Juvenile Batten disease is a progressive disease that causes neurological dysfunction, resulting in seizures, changes in behavior, blindness, dementia, and a loss of motor skills including the ability to speak. This genetic disorder can vary widely from patient to patient, but often spells an early death for those affected, according to BDSRA, the Batten Disease Support and Research Association. Researchers working at Baylor College of Medicine may have made a breakthrough in understanding this disorder, in which cellular parts called lysosomes do not function properly. In a mouse model of the disease, the Baylor researchers improved the neurological symptoms. The findings are discussed in the video below, and the work was published in Nature Communications.
"Patients with juvenile Batten disease are born healthy and reach the expected developmental milestones of the first 4 to 6 years of age," explained the senior author of this work, Dr. Marco Sardiello, an Assistant Professor of Molecular and Human Genetics at Baylor. "Then, these children progressively regress their developmental achievements; they gradually lose their vision and develop intellectual and motor disabilities, changes in behavior and speech difficulties. Most people with this condition live into their 20s or 30s. This inherited, rare disease has no cure or treatment other than palliative care."
"As we started this project, patients and families affected by this condition visited us in the laboratory," said the study first author Dr. Michela Palmieri, a postdoctoral fellow in the Sardiello lab at the time of this project, and currently with the San Raffaele Scientific Institute in Milan, Italy. "We were deeply affected by our interactions with the patients and their families and this further motivated us to pursue this research with the hope that maybe one day it will lead to a treatment that will improve the lives of people affected by this condition."
Cells aren’t a totally efficient system, and waste products leftover from various cellular functions have to be properly removed or they can cause problems for the cell. When such waste builds up, it can totally disrupt the normal health of the cell. A bit of specialized cellular machinery, an organelle called the lysosome is tasked with cellular waste disposal.
Material that is to be disposed accumulates inside of lysosome, which are filled with degradative enzymes that breaks waste down into pieces that can be easily discarded, or can be recycled for use in other purposes. A breakdown of lysosomes that leaves waste to build up is very unhealthy for cells. While this is detrimental to any cell type, it seems that cells of the brain, neurons, are particularly susceptible to disease as a result of lysosome dysfunction - termed lysosomal storage disorders.
"In juvenile Batten disease, one of nearly 50 human lysosomal storage disorders, the function of brain cells is progressively affected by the accumulation of cellular waste," Sardiello explained. "This accumulation leads to perturbation of many cellular processes, cell death and progressive regression of motor, physical and intellectual abilities. A few years back we discovered a protein in cells called TFEB, a master transcription factor that stimulates the cell to produce more lysosomes and degrade cellular waste more effectively, so we thought about counteracting the accumulation of cellular waste in Batten disease by acting on TFEB."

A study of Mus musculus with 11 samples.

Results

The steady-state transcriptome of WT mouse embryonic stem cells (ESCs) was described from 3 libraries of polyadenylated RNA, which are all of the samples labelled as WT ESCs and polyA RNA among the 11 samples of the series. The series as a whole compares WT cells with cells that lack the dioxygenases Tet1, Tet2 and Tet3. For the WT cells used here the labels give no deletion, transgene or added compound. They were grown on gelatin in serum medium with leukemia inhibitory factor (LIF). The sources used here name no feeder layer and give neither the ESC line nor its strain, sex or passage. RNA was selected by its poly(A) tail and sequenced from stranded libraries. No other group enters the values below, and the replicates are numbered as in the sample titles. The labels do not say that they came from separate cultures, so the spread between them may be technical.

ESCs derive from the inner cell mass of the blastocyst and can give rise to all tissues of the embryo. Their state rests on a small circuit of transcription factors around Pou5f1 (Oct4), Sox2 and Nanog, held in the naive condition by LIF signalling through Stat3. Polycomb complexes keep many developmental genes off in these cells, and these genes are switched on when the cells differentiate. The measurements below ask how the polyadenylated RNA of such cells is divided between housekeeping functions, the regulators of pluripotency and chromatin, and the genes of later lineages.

"We and others had found that enhancing the activity of TFEB genetically can help counter the accumulation of cellular waste in different diseases," Sardiello continued. "What was missing was a way to activate TFEB with a drug that in the future could be put in a pill to treat the condition. We focused on investigating how to activate TFEB pharmacologically."
"We discovered that TFEB is under the control of another molecule called Akt, which is a kinase, a protein that can modify other proteins," explained Palmieri. "Akt has been studied in detail. There are drugs available that can modulate the activity of Akt."
The investigators found that TFEB is modified by Akt, which adds a chemical group, a phosphate, to the TFEB. That phosphate addition stops the action of TFEB. "We wanted to inhibit Akt to keep TFEB more active," said Palmieri. "We discovered that the sugar trehalose is able to do this job."
Investigating the result of trehalose exposure in a mouse model of juvenile Batten disease was the next step for the researchers. "We dissolved trehalose in drinking water and gave it to mice that model juvenile Batten disease," said Sardiello. "Then, over time we examined the mice's brain cells under the microscope. We found that the continuous administration of trehalose inhibits Akt and activates TFEB in the brains of the mice. More active TFEB meant more lysosomes in the brain and increased lysosomal activity, followed by decreased accumulation of the storage material and reduced tissue inflammation, which is one of the main features of this disease in people, and reduced neurodegeneration. These changes resulted in the mice living significantly longer. This is a good start toward finding a treatment for people with this disease."
"We are very excited that these findings put research a step closer to understanding the mechanisms that underlie human lysosomal storage diseases," said Palmieri. "We hope that our research will help us design treatments to counteract this and other human diseases with a pathological storage component, such as Alzheimer's, Huntington's and Parkinson's diseases, and hopefully ameliorate the symptoms or reduce the progression of the disease for those affected."